But when the officers could not get the attention of the people inside the unit, the next door neighbor helped out deputies and officers by kicking down the adjoining door between the units, according to Levy County Sheriff’s Office spokesman Lt. Scott Tummond.
Tummond said the neighbor on Southwest 123rd Terrace became concerned when “very pungent, heavy chemical smells were coming from the apartment next door.”
Tummond said, “When a Cedar Key officer arrived he encounterd this same pungent, overpowering smell and he backs out and requests the (Levy County) Drug Task Force come out.”
When the deputies and officers arrive they can hear and see people inside and knock and announce themselves for about 20 minutes with no response. “ They can hear them. They can see them. They can smell the strong chemical smells. And it sounds like a person is choking and gagging. They start to believe people inside are overcome by chemicals,” Tummond said. “Basically they had people hacking up their lungs in there.”
At that point the neighbor helps officers by opening the adjoining door in his unit and kicking in the other adjoining door.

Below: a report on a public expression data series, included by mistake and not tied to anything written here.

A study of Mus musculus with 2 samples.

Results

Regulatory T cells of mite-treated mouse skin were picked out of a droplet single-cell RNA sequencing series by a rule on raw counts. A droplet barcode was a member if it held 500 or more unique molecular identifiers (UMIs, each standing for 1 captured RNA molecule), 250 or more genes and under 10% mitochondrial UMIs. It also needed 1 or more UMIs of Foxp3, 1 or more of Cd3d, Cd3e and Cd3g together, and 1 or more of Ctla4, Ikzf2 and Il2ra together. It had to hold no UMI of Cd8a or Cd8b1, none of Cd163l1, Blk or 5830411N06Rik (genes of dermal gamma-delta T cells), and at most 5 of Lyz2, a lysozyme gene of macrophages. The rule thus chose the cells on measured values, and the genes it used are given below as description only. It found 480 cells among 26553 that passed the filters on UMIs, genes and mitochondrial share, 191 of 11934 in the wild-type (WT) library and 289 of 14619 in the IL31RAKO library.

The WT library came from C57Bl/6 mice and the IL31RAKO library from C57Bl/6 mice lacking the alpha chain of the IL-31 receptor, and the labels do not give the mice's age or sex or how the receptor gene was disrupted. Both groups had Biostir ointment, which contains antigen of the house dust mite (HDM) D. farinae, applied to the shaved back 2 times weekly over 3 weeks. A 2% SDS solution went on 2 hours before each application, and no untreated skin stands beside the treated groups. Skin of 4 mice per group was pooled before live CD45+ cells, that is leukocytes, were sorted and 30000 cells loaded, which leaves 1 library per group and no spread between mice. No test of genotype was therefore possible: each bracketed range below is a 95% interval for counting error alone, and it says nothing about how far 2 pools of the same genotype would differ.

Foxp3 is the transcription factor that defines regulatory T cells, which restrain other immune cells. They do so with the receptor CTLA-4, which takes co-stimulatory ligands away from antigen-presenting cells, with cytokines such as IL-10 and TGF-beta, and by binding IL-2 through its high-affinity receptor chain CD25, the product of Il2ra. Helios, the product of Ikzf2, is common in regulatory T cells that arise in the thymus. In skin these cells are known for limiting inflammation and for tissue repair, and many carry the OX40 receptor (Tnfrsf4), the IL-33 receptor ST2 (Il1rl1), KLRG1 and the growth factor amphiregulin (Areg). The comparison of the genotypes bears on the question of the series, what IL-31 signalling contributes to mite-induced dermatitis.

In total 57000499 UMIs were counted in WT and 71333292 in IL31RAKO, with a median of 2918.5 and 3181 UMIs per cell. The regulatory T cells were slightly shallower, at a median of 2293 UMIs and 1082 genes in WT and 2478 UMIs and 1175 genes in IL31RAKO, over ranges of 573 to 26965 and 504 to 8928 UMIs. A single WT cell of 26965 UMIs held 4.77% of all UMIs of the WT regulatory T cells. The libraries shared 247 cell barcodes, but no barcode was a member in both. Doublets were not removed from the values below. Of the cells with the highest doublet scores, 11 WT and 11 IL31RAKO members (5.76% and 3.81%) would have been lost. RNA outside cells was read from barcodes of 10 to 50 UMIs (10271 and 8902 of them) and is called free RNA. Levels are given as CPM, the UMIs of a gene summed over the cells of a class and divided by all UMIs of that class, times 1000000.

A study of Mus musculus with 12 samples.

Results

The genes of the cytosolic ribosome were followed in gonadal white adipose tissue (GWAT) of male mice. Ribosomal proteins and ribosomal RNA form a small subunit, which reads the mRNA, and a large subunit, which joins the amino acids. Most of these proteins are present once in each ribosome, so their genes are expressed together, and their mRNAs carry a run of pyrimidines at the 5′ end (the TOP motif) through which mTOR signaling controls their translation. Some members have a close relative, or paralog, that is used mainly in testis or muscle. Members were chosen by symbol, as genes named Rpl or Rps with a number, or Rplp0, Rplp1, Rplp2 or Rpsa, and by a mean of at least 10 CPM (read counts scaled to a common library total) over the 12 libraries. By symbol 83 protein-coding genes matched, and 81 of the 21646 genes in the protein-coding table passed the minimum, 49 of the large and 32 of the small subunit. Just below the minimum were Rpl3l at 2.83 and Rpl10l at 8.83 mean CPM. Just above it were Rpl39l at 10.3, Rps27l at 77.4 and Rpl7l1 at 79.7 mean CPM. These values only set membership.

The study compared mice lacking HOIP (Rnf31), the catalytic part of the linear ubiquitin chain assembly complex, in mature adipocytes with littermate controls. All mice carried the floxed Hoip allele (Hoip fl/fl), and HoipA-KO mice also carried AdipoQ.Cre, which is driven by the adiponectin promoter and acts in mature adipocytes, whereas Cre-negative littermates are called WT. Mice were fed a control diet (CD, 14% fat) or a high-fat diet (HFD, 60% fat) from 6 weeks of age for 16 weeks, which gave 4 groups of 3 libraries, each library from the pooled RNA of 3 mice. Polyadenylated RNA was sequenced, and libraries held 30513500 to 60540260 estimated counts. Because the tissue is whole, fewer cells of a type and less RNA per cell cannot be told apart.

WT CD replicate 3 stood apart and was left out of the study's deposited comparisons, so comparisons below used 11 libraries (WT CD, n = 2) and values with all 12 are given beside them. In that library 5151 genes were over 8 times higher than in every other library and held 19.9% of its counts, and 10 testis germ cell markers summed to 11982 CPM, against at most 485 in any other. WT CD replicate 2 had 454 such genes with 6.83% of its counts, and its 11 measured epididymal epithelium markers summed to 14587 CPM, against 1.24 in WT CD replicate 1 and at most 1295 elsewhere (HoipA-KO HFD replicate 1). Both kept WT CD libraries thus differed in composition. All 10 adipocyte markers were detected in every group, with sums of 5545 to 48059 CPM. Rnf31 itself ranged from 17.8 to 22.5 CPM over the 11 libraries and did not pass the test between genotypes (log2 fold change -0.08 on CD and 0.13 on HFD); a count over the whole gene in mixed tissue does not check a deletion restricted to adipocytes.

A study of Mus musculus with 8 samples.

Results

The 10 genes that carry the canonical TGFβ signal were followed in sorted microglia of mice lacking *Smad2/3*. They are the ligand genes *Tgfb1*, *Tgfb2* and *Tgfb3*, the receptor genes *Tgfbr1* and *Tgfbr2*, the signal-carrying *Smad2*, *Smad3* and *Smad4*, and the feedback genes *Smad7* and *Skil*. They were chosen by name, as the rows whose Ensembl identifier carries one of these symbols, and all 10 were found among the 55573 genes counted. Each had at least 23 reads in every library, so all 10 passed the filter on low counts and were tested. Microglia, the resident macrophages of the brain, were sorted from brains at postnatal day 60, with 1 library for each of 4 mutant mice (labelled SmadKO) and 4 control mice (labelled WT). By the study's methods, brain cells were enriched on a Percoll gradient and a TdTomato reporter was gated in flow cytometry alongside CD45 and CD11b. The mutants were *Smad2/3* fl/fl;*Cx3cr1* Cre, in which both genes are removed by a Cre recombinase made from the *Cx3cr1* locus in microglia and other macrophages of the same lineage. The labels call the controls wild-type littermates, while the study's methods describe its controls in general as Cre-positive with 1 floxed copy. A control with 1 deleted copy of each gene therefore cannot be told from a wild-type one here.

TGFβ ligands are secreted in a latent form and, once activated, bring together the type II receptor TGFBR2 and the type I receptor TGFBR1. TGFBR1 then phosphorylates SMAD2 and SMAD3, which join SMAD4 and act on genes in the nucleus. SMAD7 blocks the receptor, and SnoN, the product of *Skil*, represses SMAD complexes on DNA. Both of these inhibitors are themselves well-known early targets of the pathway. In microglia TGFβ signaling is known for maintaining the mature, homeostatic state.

“The officers go in and check the safety and welfare of the people inside.”
Tummond said a curtain was open several inches and an occupant came up and closed the blinds while law enforcement was knocking.
“All were pretty well hammered from what I understand,” Tummond said.
While the operation started Tuesday night, it lasted well into Wednesday as officers had to clean up the toxic and explosive brew of chemicals from the apartment.
Tummond said the methamphetamine was not being cooked in a kitchen the way it has been in the past. “Now everything is a one-bottle adventure. They call it ‘shake and bake’ or something along that line.”
He said residents can forget the mental picture of bottles, beakers and cooking it over flames. Think more like a left over 2-liter soda pop bottle.
And the chemicals are easy to get in this new method. “This is stuff they’re getting from pharmacies and local grocery stores,” he said. “When you start mixing these compounds together you are dealing with a volatile mixture.”
According to various websites the one-bottle method manufactures less meth than the traditional big lab, but the stuff to make it can fit into a backpack and the ease with which it is made and the need to avoid having the resulting odor has made making it in a vehicle common practice.
But it also leaves a danger behind for communities. When the meth is extracted, the bottles, which contain a hazardous brown and white liquid — like a lighter sludge under “dirty” water — are simply tossed outside the vehicle.
People who find plastic bottles with an unknown brown substance (and no one is talking about cola), they are asked to avoid it and notify law enforcement.